Saturday 21 October 2017

Meat processor forced into payment policy change after legal dispute over condemned bull

Darragh McCullough

Darragh McCullough

A dispute over a condemned bull forced has forced one of the country's best known meat plants to revamp its lairage inspection system.

Donegal Meats now inform farmers immediately by phone in the event that any of their cattle fail the lairage inspection. The courtesy call lets farmers know that their cattle will not be insured if they are subsequently condemned during a carcase examination by vetinary inspectors. The new system was instigated after the meat plant made a full and unconditional settlement with a Mayo farmer over a condemned bull.

Kieran Gill, who farms 24 suckler cows at Crossmolina, Co Mayo had issued legal proceedings against Donegal Meats for their failure to pay him in full for two bulls that he sent to the plant on July 21, 2010.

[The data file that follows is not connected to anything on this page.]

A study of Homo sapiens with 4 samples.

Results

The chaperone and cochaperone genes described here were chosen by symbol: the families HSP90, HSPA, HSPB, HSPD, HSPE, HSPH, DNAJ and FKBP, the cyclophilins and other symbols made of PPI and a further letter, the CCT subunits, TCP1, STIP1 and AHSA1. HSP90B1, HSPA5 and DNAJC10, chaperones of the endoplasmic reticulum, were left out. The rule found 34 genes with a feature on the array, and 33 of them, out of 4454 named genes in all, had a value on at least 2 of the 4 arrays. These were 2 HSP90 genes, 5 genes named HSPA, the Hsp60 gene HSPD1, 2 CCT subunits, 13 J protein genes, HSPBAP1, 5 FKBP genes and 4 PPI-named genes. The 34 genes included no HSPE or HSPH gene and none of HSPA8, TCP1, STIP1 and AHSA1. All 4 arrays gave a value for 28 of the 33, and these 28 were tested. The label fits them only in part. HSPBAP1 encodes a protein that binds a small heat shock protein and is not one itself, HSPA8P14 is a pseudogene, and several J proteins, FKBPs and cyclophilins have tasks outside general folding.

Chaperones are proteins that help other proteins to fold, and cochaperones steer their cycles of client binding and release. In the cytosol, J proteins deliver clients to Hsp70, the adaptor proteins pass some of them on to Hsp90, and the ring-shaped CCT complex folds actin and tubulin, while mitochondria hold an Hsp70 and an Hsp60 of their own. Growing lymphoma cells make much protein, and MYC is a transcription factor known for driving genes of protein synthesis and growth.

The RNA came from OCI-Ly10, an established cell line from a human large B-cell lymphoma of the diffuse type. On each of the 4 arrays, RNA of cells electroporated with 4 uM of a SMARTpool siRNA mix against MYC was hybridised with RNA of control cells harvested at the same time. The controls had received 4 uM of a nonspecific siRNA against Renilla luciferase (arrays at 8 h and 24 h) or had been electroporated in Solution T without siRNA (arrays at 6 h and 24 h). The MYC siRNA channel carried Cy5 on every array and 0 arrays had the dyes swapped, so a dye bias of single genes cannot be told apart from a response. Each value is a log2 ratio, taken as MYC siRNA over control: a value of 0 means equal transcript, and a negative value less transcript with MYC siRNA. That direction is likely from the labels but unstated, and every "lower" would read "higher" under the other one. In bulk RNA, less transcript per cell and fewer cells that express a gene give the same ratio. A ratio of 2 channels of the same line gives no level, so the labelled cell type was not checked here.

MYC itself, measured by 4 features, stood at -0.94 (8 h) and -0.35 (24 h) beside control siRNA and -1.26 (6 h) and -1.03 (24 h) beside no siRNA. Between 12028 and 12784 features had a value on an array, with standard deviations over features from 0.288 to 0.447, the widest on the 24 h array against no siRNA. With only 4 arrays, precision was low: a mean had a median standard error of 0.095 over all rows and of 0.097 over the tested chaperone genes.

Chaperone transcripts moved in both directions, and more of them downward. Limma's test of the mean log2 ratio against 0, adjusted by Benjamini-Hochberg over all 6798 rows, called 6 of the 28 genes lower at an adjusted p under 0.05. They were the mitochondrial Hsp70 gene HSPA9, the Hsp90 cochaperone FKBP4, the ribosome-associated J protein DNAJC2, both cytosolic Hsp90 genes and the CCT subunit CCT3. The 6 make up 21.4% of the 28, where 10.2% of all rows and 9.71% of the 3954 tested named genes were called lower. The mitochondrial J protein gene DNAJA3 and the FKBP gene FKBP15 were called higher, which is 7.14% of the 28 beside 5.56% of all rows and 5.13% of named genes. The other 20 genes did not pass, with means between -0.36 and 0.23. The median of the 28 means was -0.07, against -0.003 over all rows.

Mr Gill received a cheque for €706 for a yearling bull a week later with insurance of €2.50 deducted. However, he wasn't paid for the second bull.

Several weeks later, after several phone calls, Mr Gill was told by the Donegal Meats procurement manager, Gabriel Lynch, that the cheque for the yearling bull had been issued incorrectly since the animal had been condemned after the vet's report found that the carcass did not set.

Mr Gill admitted that the yearling had been carrying a "slight" limp in a rear leg prior to slaughter. Mr Lynch said Donegal Meats would issue the outstanding payment of €1,349 for the second bull if Mr Gill sent the first cheque for €706 back to the plant.

When he refused to comply with this request, Donegal Meats sent him a cheque for the balance due of €643.

Mr Gill then began legal proceedings and a court hearing was set for April 4, 2011 in Letterkenny District Court.